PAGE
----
Bernd Debusmann is a Reuters columnist. The opinions expressed are his own.
After the high-profile failure of a Congressional “supercommittee” to trim America‘s budget deficit, one could be forgiven to conclude that there’s nothing the divided House of Representatives can agree on. But that would be wrong.
Among the few topics on which Democrats and Republicans in the Republican-dominated House see eye-to-eye: the official motto of the United States is “In God We Trust”. That has been the case since 1956 but as the supercommittee wrangled with the thorny deficit problem, lawmakers found time to vote on a resolution reaffirming the motto. Why that reaffirmation was deemed necessary speaks volumes about congressional priorities and Washington‘s peculiar political climate.
According to two polls taken before the supercommittee failed to find a compromise, the American public’s faith in Congress stands at historic lows – a 9-percent approval rating according to a CBS/New York Times poll and 13 percent according to Gallup. In October, Gallup forecast that disenchantment with the people’s representatives would further deepen in the absence of agreement.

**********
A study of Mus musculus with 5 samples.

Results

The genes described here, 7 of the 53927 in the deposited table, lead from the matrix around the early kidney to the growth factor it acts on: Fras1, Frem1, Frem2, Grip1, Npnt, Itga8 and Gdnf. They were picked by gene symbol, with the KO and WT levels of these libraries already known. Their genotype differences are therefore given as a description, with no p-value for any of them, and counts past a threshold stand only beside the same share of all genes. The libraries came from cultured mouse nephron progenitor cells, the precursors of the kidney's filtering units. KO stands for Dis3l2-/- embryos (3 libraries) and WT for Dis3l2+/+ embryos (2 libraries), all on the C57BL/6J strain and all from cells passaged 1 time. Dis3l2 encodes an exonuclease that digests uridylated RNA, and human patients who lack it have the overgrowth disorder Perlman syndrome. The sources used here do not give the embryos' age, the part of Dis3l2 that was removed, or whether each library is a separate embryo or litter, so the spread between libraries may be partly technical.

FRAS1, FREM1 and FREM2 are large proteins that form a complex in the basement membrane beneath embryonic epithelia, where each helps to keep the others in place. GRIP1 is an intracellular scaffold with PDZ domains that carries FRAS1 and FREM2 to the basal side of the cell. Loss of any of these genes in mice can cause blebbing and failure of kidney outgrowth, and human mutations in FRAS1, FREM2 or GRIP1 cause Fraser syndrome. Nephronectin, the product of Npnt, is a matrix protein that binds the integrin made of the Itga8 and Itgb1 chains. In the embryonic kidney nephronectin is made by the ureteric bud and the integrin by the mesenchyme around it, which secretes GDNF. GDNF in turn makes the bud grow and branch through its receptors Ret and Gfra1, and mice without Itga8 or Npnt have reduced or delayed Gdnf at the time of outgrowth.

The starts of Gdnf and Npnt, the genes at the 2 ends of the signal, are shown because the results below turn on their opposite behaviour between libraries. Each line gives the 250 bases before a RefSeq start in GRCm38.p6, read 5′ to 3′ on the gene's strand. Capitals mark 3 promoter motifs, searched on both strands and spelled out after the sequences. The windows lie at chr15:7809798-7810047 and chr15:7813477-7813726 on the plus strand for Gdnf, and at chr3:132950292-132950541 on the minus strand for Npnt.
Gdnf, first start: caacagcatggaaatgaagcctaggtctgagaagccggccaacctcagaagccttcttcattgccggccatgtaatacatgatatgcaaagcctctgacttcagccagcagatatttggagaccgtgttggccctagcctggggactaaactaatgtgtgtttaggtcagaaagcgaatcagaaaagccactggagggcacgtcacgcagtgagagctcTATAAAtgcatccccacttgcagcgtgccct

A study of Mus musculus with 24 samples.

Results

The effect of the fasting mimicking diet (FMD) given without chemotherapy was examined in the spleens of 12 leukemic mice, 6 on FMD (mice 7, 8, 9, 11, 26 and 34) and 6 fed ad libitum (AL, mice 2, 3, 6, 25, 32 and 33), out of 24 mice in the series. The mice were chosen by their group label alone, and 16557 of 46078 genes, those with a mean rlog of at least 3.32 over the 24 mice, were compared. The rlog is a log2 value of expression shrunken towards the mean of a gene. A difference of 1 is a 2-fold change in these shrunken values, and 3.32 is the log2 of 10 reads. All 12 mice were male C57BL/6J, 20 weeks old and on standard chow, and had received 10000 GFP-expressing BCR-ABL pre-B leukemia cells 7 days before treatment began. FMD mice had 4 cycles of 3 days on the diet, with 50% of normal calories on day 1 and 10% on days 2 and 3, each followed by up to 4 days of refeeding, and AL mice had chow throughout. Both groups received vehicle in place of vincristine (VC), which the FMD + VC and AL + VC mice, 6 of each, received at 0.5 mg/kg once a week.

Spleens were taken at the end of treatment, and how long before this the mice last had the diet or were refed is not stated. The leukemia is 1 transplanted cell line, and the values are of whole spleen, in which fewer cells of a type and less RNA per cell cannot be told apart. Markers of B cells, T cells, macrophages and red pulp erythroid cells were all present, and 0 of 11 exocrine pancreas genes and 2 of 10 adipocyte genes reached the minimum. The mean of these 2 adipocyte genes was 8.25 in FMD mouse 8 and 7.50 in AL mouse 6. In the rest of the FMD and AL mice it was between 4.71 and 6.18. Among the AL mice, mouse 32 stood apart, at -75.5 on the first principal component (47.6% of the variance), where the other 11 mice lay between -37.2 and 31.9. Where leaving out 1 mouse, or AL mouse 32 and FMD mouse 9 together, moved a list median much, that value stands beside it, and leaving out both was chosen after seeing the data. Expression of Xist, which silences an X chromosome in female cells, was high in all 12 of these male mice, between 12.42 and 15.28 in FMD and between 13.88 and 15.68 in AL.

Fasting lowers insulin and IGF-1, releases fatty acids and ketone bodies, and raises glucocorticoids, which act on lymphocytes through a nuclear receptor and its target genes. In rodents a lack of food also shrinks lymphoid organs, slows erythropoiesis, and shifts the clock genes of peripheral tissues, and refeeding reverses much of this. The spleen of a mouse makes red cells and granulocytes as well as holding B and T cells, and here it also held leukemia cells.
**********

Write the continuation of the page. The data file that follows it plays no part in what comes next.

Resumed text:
Not to harp on the negative, let’s revisit the resolution on America‘s motto, passed 396 to 9 on November 1, with two legislators voting “present” and 26 not voting. Randy Forbes, the Republican who sponsored the measure explained it had been necessary because “a number of public officials … forget what the national motto is.” He named President Barack Obama as one of the forgetful officials, referring to a speech in which he cited E Pluribus Unum as America‘s motto. (Latin for “out of many, one”, those words are emblazoned on the official seal of the United States and engraved, along with “In God We Trust”, on 25-cent coins. E pluribus unum served as the country’s de facto motto until 1956, when Congress passed a law making In God We Trust the official motto).
In the floor debate on the matter, one legislator, Arizona Republican Trent Franks, portrayed failure to reaffirm the motto in apocalyptic terms. “If … man is God, then an atheist state is as brutal as the thesis it rests upon and there is no reason for us to gather here in this place,” he told his fellow members. “We should just let anarchy prevail because after all we are just worm food.”